In my February 10th blog, I wrote that Hubby, Little Guy and I were going out for a fabulous Italian dinner (my favourite) to celebrate! But then I got sick, Hubby was busy, I was away…and the time just slipped away. This Saturday, we were both home, relatively healthy…and I had nothing thawed to cook for supper. Little Guy had pepperoni pizza (no surprises there). Hubby had the Atlantic Char and risotto (not a big surprise there since he rarely gets to eat fish or shellfish at home). I have always loved cheese. Even though I am now lactose-intolerant (since Little Guy was born), I came prepared to savour a seriously rich (and cheesy) dish. I had the Cannelloni Fromaggio: Ricotta and spinach filled cannelloni, mushrooms and cream, smothered with tomato sauce, parmesan and fresh mozzarella. The cannelloni were filled with creamy ricotta and covered with tomato sauce, but the cream, mushrooms and whole spinach leaves rested under the cannelloni.

Cannelloni (Italian: large reeds) are pre-rolled cylindrical pasta served baked with a filling and covered by a sauce. It is often referred to as manicotti (Italian: sleeves), which is a dinner crepe with filling. In traditional Italian cooking cannelloni are made with pasta and manicotti with a special crepe pan.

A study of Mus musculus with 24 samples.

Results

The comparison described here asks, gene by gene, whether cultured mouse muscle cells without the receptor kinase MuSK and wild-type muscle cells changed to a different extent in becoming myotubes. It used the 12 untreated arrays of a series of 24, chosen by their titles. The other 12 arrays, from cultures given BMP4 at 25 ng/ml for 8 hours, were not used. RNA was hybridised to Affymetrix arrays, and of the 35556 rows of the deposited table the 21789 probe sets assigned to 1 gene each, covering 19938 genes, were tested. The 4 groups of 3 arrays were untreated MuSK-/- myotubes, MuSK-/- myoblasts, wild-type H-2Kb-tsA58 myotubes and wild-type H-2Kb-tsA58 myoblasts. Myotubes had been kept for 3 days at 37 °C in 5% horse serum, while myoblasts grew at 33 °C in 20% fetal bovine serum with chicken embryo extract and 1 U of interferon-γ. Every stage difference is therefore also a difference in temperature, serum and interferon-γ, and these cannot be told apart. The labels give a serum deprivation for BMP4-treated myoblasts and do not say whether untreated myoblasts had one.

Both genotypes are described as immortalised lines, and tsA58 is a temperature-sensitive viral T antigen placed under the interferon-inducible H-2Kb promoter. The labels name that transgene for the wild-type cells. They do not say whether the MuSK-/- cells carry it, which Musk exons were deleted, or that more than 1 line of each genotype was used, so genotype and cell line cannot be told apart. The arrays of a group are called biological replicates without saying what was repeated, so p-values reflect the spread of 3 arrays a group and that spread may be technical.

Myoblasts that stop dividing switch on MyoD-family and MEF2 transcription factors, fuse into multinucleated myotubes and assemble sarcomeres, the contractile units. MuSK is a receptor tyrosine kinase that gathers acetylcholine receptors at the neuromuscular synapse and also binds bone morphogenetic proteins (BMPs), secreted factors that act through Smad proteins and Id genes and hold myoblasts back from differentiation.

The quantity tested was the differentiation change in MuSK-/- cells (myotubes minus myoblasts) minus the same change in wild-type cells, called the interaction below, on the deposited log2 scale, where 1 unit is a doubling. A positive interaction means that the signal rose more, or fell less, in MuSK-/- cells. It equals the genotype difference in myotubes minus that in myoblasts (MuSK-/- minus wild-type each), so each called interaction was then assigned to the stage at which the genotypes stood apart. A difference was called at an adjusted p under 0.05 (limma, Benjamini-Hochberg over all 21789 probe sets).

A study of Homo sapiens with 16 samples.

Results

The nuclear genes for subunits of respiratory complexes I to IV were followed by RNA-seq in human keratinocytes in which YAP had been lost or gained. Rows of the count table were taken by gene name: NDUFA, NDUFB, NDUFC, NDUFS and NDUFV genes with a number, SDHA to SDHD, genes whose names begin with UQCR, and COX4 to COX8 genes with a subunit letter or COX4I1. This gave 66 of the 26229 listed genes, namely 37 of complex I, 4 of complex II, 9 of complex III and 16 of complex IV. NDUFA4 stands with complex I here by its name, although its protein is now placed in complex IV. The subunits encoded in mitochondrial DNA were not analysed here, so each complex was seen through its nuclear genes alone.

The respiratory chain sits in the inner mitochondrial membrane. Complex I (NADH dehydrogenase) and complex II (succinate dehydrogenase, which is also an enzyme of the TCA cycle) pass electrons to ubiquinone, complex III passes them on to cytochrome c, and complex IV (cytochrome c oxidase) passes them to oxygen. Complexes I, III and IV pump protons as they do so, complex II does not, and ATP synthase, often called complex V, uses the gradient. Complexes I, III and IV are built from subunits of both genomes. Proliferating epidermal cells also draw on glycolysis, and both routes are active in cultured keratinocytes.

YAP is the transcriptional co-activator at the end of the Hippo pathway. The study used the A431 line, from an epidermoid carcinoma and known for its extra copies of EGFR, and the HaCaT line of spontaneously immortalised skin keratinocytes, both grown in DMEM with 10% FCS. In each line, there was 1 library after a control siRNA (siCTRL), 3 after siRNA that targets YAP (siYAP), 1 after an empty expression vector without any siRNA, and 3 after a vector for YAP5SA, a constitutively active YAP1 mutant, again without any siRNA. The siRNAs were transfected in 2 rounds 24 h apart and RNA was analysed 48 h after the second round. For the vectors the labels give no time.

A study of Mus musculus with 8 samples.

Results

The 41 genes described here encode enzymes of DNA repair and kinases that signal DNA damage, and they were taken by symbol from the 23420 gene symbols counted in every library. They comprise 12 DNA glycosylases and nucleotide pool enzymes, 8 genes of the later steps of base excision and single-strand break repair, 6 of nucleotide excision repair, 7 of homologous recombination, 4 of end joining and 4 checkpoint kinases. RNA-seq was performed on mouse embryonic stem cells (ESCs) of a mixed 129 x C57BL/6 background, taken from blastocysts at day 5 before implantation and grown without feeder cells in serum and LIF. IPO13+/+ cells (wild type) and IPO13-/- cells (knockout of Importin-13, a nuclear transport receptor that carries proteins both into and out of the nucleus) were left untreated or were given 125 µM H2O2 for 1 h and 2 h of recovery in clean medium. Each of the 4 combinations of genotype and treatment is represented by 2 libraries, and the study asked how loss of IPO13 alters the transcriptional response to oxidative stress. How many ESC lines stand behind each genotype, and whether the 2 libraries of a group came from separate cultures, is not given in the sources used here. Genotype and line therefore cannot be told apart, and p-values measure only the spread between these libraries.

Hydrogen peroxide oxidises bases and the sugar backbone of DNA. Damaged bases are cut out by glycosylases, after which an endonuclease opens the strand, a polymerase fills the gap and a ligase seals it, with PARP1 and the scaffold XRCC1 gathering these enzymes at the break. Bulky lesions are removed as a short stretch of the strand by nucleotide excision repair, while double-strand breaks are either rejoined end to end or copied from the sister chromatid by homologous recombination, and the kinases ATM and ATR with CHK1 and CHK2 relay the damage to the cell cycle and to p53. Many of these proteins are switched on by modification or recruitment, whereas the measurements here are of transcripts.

Ricotta (Italian: re-cooked) is used almost exclusively in classic Italian dishes, but ricotta isn’t really cheese; it’s a by-product of other Italian cheeses. The whey from these other cheeses are mixed and re-cooked to create ricotta. It has a grainy texture, but is very smooth when used in savory or sweet dishes. It is also used in classic Italian cheesecakes.

There are simply no words to describe the incredible taste of this dish!

We didn’t indulge in dessert (this time) but headed straight for home (I had to finish the laundry and Little Guy needed his Saturday night bath). I can certainly say it was “better late than never” and worth every bite! Happy Valentine’s Day!